Health officials: Get flu shot
Local and state health officials are urging Alabama residents to get vaccinated against the influenza virus this year.
Officials with the Alabama Department of Public Health said there should be plenty of flu vaccine to go around this year.
Dr. Jonathan Southworth, physician at the Brewton Medical Center, said his office has the vaccine now and is ready to immunize.
“We started with the high-risk patients, but we have enough to go around right now,” Southworth said. “We will probably have some flu clinics later on, but anyone can come by the office. Tell the nurse that you want the shot and you won’t have to see the doctor. Come and get the shot and that is all you have to do.”
Ricky Elliott with the Escambia County Health Department said his office has already lined up the first clinic, which will be on Monday from 8 to 11 a.m.
“We will schedule flu clinics when we have a larger amount of the vaccine,” Elliott said. “We hope to get enough that we would have the drive-through set up again, but right now there hasn’t been that much come in to the health department.”
The Centers for Disease Control and Prevention estimates the full impact of the vaccine every season.
“The Centers for Disease Control and Prevention estimates that each year in the United States between 5 and 20 percent of the population is infected with influenza, about 36,000 people died and more than 200,000 are hospitalized because of influenza complications,” said Dr. Donald Williamson, state health officer.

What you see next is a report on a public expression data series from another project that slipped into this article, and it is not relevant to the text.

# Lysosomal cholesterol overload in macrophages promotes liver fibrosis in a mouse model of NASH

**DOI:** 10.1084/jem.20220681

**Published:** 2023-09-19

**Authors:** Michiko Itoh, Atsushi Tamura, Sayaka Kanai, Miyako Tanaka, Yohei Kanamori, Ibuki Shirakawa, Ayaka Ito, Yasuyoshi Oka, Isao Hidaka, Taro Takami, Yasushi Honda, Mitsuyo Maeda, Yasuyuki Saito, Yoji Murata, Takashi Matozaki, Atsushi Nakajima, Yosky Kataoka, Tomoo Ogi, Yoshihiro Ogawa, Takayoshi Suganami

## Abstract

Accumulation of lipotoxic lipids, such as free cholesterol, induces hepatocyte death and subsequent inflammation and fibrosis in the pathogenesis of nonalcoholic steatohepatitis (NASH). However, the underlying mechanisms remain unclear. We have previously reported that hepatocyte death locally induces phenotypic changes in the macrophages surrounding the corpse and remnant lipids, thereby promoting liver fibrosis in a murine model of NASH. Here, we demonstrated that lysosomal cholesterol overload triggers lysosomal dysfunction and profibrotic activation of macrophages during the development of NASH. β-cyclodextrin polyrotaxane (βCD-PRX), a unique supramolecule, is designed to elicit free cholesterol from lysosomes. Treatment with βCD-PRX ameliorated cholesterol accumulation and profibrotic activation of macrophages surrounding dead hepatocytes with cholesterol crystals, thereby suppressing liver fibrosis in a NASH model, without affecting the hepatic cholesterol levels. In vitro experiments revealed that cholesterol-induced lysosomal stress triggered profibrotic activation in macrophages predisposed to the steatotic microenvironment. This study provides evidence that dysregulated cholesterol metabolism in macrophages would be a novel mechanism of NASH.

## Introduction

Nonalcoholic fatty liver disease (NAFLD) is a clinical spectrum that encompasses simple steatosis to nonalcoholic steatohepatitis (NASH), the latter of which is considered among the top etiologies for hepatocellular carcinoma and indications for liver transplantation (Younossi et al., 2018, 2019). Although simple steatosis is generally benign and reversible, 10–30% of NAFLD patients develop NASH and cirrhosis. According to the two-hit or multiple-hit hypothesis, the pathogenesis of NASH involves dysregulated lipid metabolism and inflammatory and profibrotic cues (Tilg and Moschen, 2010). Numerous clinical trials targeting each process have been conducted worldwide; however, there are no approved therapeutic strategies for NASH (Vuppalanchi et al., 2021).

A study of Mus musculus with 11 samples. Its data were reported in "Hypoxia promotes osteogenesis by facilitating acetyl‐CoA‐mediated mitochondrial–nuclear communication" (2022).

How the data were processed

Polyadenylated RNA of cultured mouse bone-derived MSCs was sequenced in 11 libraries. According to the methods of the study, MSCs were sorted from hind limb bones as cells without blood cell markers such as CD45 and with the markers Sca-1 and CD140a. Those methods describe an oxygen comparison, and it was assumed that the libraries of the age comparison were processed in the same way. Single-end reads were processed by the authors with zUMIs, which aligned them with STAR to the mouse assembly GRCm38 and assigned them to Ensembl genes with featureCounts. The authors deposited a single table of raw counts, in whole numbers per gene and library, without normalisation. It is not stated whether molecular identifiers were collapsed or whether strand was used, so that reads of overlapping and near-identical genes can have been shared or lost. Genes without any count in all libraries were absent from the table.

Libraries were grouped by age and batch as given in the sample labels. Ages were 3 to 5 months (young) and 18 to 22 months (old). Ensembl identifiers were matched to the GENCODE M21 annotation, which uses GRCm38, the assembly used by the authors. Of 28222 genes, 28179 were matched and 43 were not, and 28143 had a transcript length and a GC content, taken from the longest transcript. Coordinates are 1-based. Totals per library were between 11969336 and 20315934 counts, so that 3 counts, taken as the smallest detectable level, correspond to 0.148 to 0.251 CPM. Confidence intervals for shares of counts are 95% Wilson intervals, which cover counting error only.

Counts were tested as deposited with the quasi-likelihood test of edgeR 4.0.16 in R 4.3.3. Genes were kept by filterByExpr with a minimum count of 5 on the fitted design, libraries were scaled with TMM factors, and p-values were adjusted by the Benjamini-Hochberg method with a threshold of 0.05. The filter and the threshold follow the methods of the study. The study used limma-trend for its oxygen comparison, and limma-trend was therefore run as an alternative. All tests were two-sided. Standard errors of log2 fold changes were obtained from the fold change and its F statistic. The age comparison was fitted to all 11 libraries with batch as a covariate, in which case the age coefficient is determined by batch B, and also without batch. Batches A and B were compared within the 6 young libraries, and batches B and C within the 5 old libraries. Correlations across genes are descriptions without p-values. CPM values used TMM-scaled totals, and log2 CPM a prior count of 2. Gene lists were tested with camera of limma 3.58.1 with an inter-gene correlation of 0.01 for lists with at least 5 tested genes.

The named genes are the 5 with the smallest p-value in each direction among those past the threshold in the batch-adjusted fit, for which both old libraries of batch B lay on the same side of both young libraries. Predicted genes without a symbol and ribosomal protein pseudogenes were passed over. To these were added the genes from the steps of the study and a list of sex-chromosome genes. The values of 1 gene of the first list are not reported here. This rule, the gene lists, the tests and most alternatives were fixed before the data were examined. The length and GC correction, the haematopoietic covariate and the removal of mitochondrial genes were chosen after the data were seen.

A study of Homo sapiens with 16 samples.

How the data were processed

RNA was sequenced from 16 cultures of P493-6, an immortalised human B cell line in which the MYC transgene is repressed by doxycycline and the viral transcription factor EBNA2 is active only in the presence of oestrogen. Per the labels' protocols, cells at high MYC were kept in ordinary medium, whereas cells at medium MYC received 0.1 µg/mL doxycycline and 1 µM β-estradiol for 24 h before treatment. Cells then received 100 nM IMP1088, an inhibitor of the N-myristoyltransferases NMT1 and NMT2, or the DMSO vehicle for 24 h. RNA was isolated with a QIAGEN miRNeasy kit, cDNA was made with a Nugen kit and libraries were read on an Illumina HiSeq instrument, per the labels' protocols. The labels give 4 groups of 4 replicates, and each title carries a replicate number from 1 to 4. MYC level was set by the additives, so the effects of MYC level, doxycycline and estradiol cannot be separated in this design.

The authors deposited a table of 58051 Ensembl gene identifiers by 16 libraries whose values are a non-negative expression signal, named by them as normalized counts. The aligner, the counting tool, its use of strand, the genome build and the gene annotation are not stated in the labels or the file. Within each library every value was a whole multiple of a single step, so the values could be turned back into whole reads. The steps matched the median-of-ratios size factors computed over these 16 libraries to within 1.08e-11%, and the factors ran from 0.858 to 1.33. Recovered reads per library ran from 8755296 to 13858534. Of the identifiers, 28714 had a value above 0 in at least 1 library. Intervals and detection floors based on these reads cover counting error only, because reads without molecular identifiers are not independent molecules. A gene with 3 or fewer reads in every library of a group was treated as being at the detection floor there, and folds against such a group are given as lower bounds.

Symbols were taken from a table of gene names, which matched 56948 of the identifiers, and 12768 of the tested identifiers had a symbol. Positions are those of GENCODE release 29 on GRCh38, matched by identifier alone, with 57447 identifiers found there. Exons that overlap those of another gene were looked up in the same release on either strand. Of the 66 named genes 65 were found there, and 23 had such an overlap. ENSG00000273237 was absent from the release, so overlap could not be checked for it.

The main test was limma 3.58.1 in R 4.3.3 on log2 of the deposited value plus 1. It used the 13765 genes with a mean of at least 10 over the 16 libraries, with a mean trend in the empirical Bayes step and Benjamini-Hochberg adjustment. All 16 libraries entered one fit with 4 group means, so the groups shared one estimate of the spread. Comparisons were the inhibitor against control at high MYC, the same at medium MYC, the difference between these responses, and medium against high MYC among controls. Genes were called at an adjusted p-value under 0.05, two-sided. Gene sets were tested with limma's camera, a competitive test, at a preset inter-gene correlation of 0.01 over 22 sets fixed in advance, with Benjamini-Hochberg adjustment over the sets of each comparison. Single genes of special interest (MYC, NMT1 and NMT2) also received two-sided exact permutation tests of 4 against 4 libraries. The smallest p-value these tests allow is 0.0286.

The vaccine being offered this year protects against three influenza viruses including the H1N1 virus. Those who were vaccinated for the H1N1 virus last year still need to receive the seasonal vaccine in order to have protection from all three viruses.
Annual influenza vaccination is recommended for all persons aged six months and older to protect against disease which usually occurs from November to March in Alabama.
The vaccine is highly recommended by the CDC for those who are at higher risk of influenza related illnesses. Those are children aged six months through 18 years; adults aged 50 and older; adults and children with chronic problems; women who will be pregnant during the flu season; residents of nursing homes and long-time care facilities; people who are immuno-suppressed; health-care workers and caregivers who have contact with children six months old and adults who are over the age of 50.
Other people who wish to reduce the chance of contacting the influenza virus should get a flu-shot. Symptoms of the flu include, fever and respiratory symptoms such as cough, sore throat, runny or stuffy nose, headache, muscle aches, and often extreme fatigue.
The public is also reminded to practice infection controls such as covering your mouth and nose with a tissue or cloth when coughing and sneezing, washing hands frequently and staying at home when sick to prevent the spread of the virus.